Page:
Mark Heaton Wrote:


> years after the construction of the Great Pyramid.

> My 8/9 model indicates that the ancient Egyptians

> knew how to square the circle in a crude way in

> the Pyramid Age which only shifts back the history

> of geometry a few hundred years.

>

> But to answer your question its only important to

> those who debate the development of human

> cognition across the world, and to those

> Egyptologists with a broad perspective. Professor

> Miroslav Verner has question whether or not

> Archimedes learnt geometry during his stay in

> Egypt.

>

> My sociological perspective is that mathematics

> developed in every civilisation of the world

> irrespective of race. Egypt was one of the first

> great civlisations so it is to be expected that

> mathematics was a corner stone of advancement. I

> think it was Pliny who wrote 'always something new

> out of Africa'.

>

> It seems very likely that geometrical ideas were

> first understood in Egypt. The formula for the

> volume of a truncated pyramid in the Moscow

> Mathematical Papyrus may also have been known as

> far back as the Pyramid Age. Could you have

> figured out such an ingenious formula?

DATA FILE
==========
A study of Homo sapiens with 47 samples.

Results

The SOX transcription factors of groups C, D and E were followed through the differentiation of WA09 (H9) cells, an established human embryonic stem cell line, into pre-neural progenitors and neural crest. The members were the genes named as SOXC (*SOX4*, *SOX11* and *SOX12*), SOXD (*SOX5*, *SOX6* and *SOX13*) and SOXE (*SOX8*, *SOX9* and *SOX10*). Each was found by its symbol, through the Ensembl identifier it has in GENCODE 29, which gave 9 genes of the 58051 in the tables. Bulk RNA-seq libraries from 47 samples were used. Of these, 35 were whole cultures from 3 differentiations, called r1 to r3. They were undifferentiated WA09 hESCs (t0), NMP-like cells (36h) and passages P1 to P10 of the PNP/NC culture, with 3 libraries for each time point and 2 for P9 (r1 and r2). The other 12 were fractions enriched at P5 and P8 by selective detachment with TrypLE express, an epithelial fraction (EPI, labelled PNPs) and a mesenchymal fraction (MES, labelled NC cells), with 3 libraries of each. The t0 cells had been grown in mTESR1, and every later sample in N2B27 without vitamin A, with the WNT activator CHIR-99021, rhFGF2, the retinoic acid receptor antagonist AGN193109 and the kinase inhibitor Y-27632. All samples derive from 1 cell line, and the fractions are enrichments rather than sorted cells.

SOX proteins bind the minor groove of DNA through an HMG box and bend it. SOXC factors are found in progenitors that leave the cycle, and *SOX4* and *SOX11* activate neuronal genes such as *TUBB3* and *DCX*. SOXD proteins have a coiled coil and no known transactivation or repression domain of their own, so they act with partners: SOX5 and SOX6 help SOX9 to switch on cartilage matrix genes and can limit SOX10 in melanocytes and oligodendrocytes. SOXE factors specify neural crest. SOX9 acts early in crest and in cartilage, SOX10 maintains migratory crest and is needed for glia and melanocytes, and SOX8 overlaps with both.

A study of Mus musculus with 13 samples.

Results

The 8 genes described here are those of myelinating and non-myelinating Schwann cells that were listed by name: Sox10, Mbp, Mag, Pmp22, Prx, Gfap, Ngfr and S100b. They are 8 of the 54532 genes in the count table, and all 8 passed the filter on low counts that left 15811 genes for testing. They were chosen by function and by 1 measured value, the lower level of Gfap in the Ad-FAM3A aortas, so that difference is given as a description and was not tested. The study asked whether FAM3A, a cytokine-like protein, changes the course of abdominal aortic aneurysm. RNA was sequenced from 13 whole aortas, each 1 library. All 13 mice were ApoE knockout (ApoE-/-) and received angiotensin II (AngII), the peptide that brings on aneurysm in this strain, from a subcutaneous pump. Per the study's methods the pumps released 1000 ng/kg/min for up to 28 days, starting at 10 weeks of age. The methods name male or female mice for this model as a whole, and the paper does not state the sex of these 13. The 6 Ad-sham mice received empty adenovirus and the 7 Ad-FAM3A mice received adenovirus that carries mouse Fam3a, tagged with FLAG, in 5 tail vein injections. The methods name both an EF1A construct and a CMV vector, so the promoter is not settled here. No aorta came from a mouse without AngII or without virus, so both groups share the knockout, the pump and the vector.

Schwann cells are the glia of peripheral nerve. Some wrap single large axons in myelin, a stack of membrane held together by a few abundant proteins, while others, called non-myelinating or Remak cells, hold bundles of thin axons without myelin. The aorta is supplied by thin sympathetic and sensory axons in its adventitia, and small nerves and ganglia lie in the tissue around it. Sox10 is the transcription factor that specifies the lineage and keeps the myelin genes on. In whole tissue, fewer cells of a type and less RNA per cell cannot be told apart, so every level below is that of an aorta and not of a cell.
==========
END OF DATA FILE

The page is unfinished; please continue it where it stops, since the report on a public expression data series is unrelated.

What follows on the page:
>

> Africans the world over should be proud to think

> that the most famous geometric discovery of

> Archimedes was actually discovered in Egypt 2,000

> years earlier, which I believe is the case.

>

> Darwin had to concede that many of his ideas had

> actually been published in an obscure journal

> which he had not read, but I think the author was

> an insignificant farmer who had an article

> published in an agricultural journal. I think it

> likely that someone else will, at some time in the

> future, promote my key ideas without having read

> my work. Only an academic of some standing has the

> potential to change the way all the world thinks

> on academic matters.

>

> Mark

>

So it would appear you are addressing the wrong people. You shouldn't be trying to impress Egyptologist but mathematicians and historians of math.